A&E downgrade plans still in limbo for Milton Keynes Hospital

A&E could still be downgraded at Milton Keynes Hospital – and other health services may be decommissioned too.

The Bedfordshire & Milton Keynes Healthcare Review yesterday produced its latest progress report looking at the future of Bedford and Milton Keynes hospitals.

Both hospitals are currently ‘major emergency centres’, providing 24/7 consultant-delivered A&E, with emergency surgery, acute medicine and inpatient paediatrics.

But the report, which is the latest stage of a £3.2million review, proposes reducing one of the hospitals to an “integrated care centre with emergency centre”.

Andrew Pakes, Labour’s Parliamentary candidate for MK South, said the report offered little positive progress.

He said: “The NHS is facing huge budget pressures, with record numbers turning to A&E and longer queues at GP surgeries. Yet nine months into this review we are still no clearer about the proposals.

“It is clear from this report that some difficult decisions remain for NHS services in Milton Keynes, with the hospital continuing to run a big deficit.

“Whilst there is widespread support for integrating services closer to home, the public will not buy this at the expense of local hospital care or privatising provision.”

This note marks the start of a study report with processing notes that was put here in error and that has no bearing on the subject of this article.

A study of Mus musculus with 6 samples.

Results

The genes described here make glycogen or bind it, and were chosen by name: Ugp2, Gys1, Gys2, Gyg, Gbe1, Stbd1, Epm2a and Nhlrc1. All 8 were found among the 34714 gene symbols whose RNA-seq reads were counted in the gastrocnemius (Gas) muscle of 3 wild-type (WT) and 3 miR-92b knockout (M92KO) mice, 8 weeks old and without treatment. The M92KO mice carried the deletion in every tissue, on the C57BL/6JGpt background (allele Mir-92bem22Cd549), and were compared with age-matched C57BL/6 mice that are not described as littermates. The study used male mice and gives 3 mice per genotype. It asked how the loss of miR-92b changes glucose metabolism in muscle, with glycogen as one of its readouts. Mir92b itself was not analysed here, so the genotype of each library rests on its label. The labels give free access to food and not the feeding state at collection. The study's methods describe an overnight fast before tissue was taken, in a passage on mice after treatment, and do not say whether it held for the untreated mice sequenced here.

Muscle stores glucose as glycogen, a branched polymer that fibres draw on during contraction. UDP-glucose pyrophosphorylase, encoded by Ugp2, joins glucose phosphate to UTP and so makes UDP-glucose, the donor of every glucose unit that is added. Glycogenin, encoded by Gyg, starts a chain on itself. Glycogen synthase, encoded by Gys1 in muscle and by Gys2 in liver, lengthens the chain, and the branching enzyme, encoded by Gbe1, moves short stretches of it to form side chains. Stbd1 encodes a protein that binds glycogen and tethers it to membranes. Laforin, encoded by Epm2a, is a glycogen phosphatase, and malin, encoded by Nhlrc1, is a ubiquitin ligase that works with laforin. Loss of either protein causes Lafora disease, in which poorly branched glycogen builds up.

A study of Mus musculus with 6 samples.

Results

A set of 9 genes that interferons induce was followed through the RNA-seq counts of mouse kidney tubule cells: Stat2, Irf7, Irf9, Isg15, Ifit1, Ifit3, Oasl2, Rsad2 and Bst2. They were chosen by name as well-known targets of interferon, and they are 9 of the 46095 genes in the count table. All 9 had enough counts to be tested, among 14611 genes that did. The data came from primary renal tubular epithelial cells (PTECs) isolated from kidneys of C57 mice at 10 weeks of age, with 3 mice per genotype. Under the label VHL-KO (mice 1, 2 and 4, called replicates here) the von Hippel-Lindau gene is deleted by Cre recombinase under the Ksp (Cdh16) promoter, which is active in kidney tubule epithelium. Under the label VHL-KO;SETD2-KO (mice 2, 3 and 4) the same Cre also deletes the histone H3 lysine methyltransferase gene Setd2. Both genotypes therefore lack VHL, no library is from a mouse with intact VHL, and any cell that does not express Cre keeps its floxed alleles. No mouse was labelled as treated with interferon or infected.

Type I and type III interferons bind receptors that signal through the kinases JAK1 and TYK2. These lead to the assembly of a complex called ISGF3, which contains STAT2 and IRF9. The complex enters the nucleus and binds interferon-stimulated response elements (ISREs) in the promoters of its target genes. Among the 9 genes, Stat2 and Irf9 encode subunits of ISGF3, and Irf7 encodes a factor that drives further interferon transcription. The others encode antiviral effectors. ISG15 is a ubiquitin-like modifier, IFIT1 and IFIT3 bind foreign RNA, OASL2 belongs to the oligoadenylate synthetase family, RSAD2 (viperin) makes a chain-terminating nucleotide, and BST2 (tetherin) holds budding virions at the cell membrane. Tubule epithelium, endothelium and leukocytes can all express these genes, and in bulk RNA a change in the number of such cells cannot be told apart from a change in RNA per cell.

The Citizen revealed in July that at least one of the two hospitals was set to suffer a major A&E downgrade.

Since then health bosses have ruled out downgrading both A&E departments, but this week’s report admits the dangers for the future.

It says: “Though the financial evaluation shows considerable benefit in both options, it doesn’t show that either is wholly sustainable without further, more detailed work.

“If this analysis concludes there is a residual financial gap... the affected hospital(s) would need to identify 
additional opportunities deliver services more efficiently and/or generate additional income.

“Meanwhile commissioners would need to look at decommissioning other services.”

But MP for Milton Keynes North, Mark Lancaster, says he is convinced the hospital has a “bright future” after a £3million government investment in the expansion of the A&E department.

Mr Lancaster said: “Whilst we are all keen to move forward, I’d rather a considered thought through plan than a rushed decision.

“The recent £2.9m for our A&E clearly demonstrates that Government is committed to fair funding for healthcare in MK and I remain convinced as I always have that our hospital has a bright future ahead of it.”